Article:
An eight-year-old returned home from playing baseball. From the look on his face, it was clear that it had not been a good afternoon. His dad asked what was wrong.
"I was traded today," he said sadly. "Well, that's not so bad," his dad said, as upbeat as he could manage. "The pro players get traded all the time."
"I know," his dejected son said. "But I got traded for a glove!"
We live in a world today where people are seen through the prism of metrics and statistics and market shares; whose only value is in their production or buying power or abilities. We Christians can be caught up in this too and be quick to label people in broad terms based on their nationality, race, culture, gender, ability or religion.
But today's readings challenge us to look beyond such labels and values and traits, to see individual human beings, men and women and children made in the image of God and to remember that our faith doesn’t lie with numbers or categories but with our God, who created the whole world & everything & everyone in it.
"The LORD indeed is God; the LORD indeed is God."
These words were spoken by the crowd in our first reading after they witnessed an extraordinary sight and their hearts turned back to God. Elijah challenged the people to follow the Lord their God, the God of their Ancestors and not Ba’al. But they stood silent, only after they witnessed the fire consuming sacrifice, did they return to their belief in God.
Like those Israelites, we must decide who we give our faith too. And there a lot of Ba’als out there, seeking our allegiance, our faith. These imposters of God will readily take our sacrifice and our commitment, they seemingly give us what we want, but in the end, we know it’s not right and we remained unfulfilled by what we receive from them, and so often these Ba’als see us and others as mere human resources, who can be quickly discarded.
Elijah the Prophet was sent to help the Israelites understand their faith and their journey with God, to make the right decision & live a faithful life. St. Paul was sent to help the first Christians understand their faith and their journey and to continue what they had been taught.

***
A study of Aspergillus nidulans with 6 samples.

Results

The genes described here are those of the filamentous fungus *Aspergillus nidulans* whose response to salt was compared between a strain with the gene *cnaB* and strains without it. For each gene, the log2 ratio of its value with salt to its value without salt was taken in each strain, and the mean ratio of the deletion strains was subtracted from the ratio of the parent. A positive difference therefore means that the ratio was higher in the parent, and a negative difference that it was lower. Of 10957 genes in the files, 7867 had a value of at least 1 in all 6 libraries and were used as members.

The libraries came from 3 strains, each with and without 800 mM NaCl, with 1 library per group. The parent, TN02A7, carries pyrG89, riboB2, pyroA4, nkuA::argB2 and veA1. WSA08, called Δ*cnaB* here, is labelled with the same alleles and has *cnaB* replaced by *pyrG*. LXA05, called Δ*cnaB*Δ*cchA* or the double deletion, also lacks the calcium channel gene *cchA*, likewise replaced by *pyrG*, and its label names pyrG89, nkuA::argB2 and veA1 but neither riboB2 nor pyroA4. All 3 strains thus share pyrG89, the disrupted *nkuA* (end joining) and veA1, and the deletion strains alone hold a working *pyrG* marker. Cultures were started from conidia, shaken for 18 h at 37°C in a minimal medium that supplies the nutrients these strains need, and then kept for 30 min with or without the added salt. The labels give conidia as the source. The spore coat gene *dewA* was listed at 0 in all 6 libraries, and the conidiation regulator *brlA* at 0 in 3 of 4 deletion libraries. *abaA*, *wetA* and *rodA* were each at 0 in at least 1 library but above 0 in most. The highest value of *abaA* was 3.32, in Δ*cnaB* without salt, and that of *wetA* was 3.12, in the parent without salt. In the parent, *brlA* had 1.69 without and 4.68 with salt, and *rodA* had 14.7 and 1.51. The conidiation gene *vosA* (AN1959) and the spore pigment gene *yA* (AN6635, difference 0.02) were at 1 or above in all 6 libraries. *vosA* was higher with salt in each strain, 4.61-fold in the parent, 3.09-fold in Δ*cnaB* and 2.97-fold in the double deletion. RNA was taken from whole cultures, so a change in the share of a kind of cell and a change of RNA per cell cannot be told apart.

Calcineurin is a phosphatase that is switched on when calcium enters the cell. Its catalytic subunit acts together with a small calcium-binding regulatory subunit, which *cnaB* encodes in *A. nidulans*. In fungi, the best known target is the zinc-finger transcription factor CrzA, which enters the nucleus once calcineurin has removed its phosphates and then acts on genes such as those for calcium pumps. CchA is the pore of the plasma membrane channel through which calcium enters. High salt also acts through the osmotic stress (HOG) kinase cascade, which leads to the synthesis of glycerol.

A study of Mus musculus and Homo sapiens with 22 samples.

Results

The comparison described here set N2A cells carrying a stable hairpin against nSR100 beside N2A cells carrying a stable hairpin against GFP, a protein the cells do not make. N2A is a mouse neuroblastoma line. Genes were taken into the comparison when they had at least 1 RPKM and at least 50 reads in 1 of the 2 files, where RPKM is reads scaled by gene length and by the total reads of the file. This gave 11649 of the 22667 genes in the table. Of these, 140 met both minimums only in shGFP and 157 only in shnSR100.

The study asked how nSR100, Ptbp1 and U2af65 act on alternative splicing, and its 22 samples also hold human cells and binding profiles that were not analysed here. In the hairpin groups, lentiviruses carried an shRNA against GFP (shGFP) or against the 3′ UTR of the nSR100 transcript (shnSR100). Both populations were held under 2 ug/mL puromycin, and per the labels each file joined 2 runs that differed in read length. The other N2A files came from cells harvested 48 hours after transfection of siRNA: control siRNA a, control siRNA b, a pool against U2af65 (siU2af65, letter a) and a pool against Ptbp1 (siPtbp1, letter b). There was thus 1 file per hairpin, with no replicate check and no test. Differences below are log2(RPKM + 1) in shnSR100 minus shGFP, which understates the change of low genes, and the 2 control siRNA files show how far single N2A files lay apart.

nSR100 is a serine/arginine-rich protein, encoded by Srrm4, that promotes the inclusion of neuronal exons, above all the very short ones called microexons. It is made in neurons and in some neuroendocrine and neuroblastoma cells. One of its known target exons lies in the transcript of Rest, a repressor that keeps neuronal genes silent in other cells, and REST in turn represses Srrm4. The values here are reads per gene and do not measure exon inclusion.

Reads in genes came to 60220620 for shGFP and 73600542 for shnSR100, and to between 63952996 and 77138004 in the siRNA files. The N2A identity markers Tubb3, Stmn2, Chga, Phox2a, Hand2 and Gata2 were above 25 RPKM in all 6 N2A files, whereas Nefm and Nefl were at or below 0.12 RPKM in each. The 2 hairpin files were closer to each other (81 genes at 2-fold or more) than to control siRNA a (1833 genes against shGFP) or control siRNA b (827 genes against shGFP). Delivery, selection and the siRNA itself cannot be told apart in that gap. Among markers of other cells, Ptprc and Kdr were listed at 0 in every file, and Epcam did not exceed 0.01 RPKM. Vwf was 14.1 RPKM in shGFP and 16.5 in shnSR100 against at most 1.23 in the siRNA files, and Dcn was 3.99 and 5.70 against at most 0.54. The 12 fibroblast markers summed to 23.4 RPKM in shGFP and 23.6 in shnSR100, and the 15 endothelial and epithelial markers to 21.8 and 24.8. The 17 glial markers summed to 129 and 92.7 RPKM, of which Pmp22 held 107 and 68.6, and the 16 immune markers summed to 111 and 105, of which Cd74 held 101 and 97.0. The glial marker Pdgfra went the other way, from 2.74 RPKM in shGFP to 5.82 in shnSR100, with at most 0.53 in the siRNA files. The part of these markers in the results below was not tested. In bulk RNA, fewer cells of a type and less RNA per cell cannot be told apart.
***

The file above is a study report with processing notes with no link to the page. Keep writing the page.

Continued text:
“Am I now seeking human approval, or God's approval?” Paul asked. “Or am I trying to please people? If I were still pleasing people, I would not be a servant of Christ.”
St. Paul reminds the Galatians and us, that our faith isn’t about pleasing people & seeking their approval, but following that call, the Spirit of God in our lives, to do good, to bring love and healing to the world. Sometimes we are shown that faith by people we would never even guess would have such faith, people we judge too easily.
In Capernaum, Jesus is asked by a Centurion to heal a slave he valued highly (or was very important to him (that he loved)), and Jesus does just that… On the surface, the healing doesn’t seem so extraordinary, that’s what Jesus does, he heals people… BUT, We should notice from this Gospel story: a Centurion (Gentile) asks a Jew, a Centurion (an occupying soldier) asks one of the occupied for help, he understands his authority and he understands Jesus authority, and in the end, he humbly begs Jesus not to come, because he is not worthy and Jesus word alone will heal the servant. Jesus was amazed by all this, "I tell you, not even in Israel have I found such faith."
Some who knew the centurion testified to his faith and generosity by how he helped build a synagogue. The centurion is the other in Israel in the time of Jesus, same as the lepers, outside the faith. And Jesus praises his faith, heals his servant, and reminds us that faith comes even from the other in our midst, a hated enemy, a non-believer…
So maybe, from what Jesus did, we should worry less about how that faith is expressed by others & focus instead on meeting one another by reaching forth our hands in love.
In a world, where the Ba’als seek our life & faith & our market share, where people are judged as human resources or not, our challenge is to choose the good, and not worship or fear those gods, but instead live out of that God given faith that is inside you and me, that is set ablaze by God’s spirit, that we may remake our world with the hope & love we have.
May God open our hearts and spirits to see every human being as mirroring the grace of God and afford them the dignity that is all of ours by being created in our triune God’s likeness and image. Our faith compels us to live it in our hands, in our bodies, to honor God’s holy name. So people will know Jesus by what we do: a faith that is made by the Spirit of God and the choices that we each make, that shows forth his love in our lives. Amen.